While performing arts spaces in the region remain largely shuttered because of Covid-19, Sag Harbor’s Bay Street Theater said that it plans to build a permanent home, its first since the Long Island company was founded as a summer theater in 1991.
Executive Director Tracy Mitchell said in an interview Friday that the nonprofit organization intends to move to a lot cater-corner to the 299-seat venue it rents in the village. She declined to disclose terms of the agreement that an offshoot nonprofit, Friends of Bay Street and Sag Harbor Redevelopment, signed to acquire the property. It was listed for sale at $13.9 million.
The complex would include at least two theaters — a main stage and black box — enabling Bay Street to develop more plays and musicals. “If you have a second space, you can use that year-round to develop new work,” Mitchell said.
Situated in the storied bayside town that’s become a nexus for well-heeled patrons from around the Hamptons, Bay Street has attracted first-class actors and directors. Critically acclaimed revivals of the musicals Evita and Grey Gardens have been its bestselling productions of recent years, Mitchell said.
Before the shutdown, Artistic Director Scott Schwartz oversaw three full productions a summer, including at least one new play or musical. Bay Street also presents concerts, lectures and educational programs year-round, and a three-day new play festival in the spring. The theater has sought its own space for years, Mitchell said. “You either grow or you wither away. There really is no in-between.”
Mitchell noted that its current thrust stage, which is surrounded by the audience on three sides, lacks fly space for a crew to hoist scenery and other components onto and off the stage, limiting the productions it can mount. And with no crossover space, actors often run through the lobby to traverse the stage out of view of the audience.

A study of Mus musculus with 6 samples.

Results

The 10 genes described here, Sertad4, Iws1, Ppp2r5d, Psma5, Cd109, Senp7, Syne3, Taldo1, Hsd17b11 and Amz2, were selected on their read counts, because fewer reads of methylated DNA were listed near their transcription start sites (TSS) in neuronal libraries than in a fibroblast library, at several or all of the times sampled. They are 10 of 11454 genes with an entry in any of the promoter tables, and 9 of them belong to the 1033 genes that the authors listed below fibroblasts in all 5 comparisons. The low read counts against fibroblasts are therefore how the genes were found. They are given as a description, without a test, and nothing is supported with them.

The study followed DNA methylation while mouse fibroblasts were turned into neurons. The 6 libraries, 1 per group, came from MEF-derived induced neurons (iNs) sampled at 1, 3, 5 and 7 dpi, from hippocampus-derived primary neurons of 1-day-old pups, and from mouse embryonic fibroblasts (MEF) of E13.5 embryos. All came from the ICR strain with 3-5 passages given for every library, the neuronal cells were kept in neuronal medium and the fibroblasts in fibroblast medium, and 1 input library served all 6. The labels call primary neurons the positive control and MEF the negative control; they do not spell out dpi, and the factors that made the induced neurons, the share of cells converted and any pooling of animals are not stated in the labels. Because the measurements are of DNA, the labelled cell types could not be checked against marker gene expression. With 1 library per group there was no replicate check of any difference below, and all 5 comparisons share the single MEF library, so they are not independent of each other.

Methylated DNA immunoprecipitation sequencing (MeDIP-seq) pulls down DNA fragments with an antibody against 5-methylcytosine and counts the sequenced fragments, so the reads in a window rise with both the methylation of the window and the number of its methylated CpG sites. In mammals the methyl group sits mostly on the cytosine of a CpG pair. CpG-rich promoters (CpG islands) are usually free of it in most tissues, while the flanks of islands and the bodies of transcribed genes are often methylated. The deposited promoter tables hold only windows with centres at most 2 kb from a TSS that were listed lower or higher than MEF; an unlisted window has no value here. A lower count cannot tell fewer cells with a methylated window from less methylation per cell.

“Would we like to be a tryout space for Broadway musicals?” she asked. “Of course.”
Bay Street pays about $300,000 annually in rent and other expenses for the current venue. The lease expires in May 2023, according to its audited financial statement. There’s also $48,000 in annual rent for a scene shop in Riverhead, about 27 miles west. The new site would consolidate operations in Sag Harbor. Mitchell wants to raise money for an endowment. A mortgage “is not the plan,” she said.
Bay Street’s lone Broadway transfer was a revival of Henrik Ibsen’s Hedda Gabler two decades ago, which was adapted by playwright Jon Robin Baitz and starred Kate Burton — the daughter of Bay Street co-founder Sybil Christopher and actor Richard Burton. Among its notable premieres was 1994’s Blue Light, the first play by novelist Cynthia Ozick, staged by film director Sidney Lumet and starring Dianne Wiest and Tony Award-winner Mercedes Ruehl. Ruehl would return to Bay Street, most recently in Alan Fox’s Safe Space in 2019, which was directed by Jack O’Brien, another Tony winner, and enhanced by producers Jeffrey Richards and Amy Pascal.
Mitchell said she doesn’t yet have a plan for funding an increased operating budget, currently at $4 million annually. “We won’t have a business plan until we know what we can fit into the building,” she said, adding that there could be space for a commercial restaurant.
Acquiring, building and maintaining theaters can be a financial burden for a performing arts organization — as well as a source of income. Pre-pandemic, subletting venues from one New York theater company to another was big business.
Mitchell is the treasurer of Friends of Bay Street, according to a registration statement filed with the state. The chairman is Adam Potter, an entrepreneur and Bay Street patron. He said in an interview that he got involved earlier this year after Mitchell approached him about joining the theater’s board.
Supporters are hopeful that a new complex will make the art form more appealing in the area. The Hamptons doesn’t have the theatergoing tradition of the Berkshires, where Williamstown Theatre Festival, Barrington Stage Company and Berkshire Theatre Group often develop shows with commercial potential. “The Hamptons is a little more social and dinner-partyish,” said Riki Kane Larimer, a commercial producer and Bay Street board member.
Larimer is optimistic about Bay Street’s prospects. “I’m so in love with theater. The more the better.”